Saturday, February 25, 2006

Friends or No friends - The dilemma of secondary Characters - Writing Tips From A Beginner

Ahh the dilemma of secondary characters....

To have them or not to have them, this is the question. Its all too easy to fill in a blank page or two with people. Friends of the main characters, work associates, family. It makes perfect sense that our main characters would have other people in their lives but the simple fact is that in a shorter romance novel - there just ain't always room for them! No matter how much we may love them or how desperately we may need a 'ploy' to advance our story cos we're stuck.

So if there is one rule I have learnt of late it is this - If they don't advance the story then get rid of them!!! They are there as SECONDARIES and nothing else so if your main characters have a conversation with them then that conversation has to move the story along. In the conversation there should be a short lead into something more important or a moment where our main characters work through a thought process with someone who knows them. We all know that women are the great talkers; they rely on friends to talk through their problems to help them think through their dilemmas and to help with a solution. Maybe even to bemoan the fact that they're having a rough time or the best time of their lives! Its what we do. But in a romance, unless that conversation reveals something we didn't know or moves our character onto a revelation or an emotional turning point of some kind then its just a cup of coffee and a gossip!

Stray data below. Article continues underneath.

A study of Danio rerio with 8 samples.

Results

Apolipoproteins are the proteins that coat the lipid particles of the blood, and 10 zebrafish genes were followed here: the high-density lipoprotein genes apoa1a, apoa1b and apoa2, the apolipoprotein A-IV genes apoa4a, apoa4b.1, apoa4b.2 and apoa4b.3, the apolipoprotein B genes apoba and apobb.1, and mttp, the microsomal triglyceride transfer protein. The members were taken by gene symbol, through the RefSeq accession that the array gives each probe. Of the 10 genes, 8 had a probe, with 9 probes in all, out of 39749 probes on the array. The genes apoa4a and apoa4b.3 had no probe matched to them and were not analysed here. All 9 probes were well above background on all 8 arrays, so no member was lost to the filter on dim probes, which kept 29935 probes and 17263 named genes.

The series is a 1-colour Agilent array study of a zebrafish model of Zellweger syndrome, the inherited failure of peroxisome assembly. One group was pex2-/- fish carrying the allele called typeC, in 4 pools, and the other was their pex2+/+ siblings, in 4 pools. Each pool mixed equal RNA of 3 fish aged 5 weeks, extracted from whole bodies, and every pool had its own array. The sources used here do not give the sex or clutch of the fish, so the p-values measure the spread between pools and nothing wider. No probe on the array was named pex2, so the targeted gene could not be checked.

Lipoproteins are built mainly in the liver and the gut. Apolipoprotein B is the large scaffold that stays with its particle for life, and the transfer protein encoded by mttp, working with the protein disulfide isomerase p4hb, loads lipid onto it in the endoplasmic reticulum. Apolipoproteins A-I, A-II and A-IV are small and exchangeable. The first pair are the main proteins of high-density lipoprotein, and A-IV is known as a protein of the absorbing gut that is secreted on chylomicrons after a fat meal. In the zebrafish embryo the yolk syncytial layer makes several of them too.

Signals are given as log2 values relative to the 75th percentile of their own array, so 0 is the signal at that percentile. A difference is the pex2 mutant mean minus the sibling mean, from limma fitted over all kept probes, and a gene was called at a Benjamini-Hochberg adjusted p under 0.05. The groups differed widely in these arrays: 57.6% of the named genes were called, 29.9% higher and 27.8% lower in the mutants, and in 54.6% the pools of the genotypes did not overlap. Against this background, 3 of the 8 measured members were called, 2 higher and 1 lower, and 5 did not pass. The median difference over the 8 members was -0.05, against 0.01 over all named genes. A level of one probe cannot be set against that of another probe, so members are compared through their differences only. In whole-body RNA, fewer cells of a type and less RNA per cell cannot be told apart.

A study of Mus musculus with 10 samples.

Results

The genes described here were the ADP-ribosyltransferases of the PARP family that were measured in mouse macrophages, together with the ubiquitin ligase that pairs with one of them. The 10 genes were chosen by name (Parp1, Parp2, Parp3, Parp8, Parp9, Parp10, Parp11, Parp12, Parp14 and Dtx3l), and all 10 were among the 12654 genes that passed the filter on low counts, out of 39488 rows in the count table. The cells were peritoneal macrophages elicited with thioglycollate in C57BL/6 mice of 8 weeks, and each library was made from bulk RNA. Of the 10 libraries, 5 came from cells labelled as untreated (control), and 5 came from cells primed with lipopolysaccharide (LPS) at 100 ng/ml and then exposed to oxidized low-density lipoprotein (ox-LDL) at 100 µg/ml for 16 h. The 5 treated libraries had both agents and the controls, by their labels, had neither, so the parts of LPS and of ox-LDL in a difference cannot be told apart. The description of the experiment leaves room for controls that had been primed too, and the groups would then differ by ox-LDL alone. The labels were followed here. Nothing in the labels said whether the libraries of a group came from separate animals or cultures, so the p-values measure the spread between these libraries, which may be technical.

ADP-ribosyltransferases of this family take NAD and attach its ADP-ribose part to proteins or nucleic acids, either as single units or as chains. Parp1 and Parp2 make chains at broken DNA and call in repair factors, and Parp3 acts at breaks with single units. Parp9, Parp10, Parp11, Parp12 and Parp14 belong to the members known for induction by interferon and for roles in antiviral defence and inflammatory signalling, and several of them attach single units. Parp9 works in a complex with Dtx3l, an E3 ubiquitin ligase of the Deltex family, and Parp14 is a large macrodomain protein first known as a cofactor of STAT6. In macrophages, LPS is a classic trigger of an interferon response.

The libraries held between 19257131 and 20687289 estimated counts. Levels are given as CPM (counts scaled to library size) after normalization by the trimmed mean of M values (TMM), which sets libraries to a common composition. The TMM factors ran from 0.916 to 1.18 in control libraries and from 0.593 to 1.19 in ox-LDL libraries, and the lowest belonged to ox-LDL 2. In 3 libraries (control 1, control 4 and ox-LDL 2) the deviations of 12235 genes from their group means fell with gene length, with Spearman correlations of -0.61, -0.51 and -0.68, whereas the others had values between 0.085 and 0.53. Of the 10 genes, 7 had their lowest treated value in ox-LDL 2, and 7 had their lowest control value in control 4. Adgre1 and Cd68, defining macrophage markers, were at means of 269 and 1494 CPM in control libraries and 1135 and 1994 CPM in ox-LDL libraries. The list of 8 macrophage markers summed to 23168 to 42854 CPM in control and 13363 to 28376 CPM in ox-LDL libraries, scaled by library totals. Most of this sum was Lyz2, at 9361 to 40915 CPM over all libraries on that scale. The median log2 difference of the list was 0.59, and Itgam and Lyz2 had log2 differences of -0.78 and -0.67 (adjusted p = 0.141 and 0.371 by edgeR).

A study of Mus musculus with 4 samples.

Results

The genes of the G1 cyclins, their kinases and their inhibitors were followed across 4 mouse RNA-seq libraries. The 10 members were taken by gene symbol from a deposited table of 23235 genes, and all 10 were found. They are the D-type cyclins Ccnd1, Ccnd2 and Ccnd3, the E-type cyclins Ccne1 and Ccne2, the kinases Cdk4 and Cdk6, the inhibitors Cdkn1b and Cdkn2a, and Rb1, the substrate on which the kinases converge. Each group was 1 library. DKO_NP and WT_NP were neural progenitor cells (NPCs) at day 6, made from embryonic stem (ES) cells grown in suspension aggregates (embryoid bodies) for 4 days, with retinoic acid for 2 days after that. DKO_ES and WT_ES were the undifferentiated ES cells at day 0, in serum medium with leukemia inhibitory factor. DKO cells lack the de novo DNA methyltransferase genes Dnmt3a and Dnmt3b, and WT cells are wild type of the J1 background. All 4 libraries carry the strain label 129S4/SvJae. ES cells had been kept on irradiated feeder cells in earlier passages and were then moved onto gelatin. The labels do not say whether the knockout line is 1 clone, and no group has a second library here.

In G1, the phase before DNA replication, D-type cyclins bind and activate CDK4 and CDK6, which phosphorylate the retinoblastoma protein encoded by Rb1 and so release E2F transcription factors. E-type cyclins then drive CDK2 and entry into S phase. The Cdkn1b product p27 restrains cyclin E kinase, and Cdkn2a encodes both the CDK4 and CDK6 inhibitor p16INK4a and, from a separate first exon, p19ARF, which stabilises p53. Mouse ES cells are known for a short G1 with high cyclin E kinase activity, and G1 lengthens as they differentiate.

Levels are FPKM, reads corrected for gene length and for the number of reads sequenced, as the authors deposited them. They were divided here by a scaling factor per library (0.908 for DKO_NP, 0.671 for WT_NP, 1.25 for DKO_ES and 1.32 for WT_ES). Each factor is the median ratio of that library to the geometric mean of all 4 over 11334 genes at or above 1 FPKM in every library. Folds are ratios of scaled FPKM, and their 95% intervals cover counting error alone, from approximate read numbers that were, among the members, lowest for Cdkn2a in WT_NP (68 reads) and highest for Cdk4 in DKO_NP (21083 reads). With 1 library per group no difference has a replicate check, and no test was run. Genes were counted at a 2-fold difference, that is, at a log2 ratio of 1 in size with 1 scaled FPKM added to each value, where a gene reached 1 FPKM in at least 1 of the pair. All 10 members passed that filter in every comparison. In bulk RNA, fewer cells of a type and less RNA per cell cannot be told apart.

Short contemporary romances are character driven, at least for the lines I work in and that means that everything is about the journey that the two main characters are on. Secondary characters, although adding an extra element of shading or colour, should be in the background of this main journey. So unless your secondaries do or say something to help the story along... DELETE THEM. If you're determined that the reader meeting them will give a brief insight into the personality or motivation of our main characters or assist in an emotional breakthrough of sorts... THEN KEEP IT BRIEF.

They can be terrific, they may even lead to a second story of their own. But they are SECONDARY. And I'm off to stick that on a post it note to my screen as I start my new book. Five weeks to deadline... lol...


allyblake said...

One thing I picked up from a wonderful day long tut with Donald Maass, was to do your all to combine characters.

Write out a list of all your characters and 9 times out of ten you can combine a couple and have that one character perform two needs.

It makes for a richer, more tightly entwined story that way too.


Donna Alward said...

ALLY! I so agree and learnt that too from The Donald! (although regrettably not in person).

I try to keep my secondaries down...inevitably I end up cutting some secondary action, so I end up with roughly half what I started with.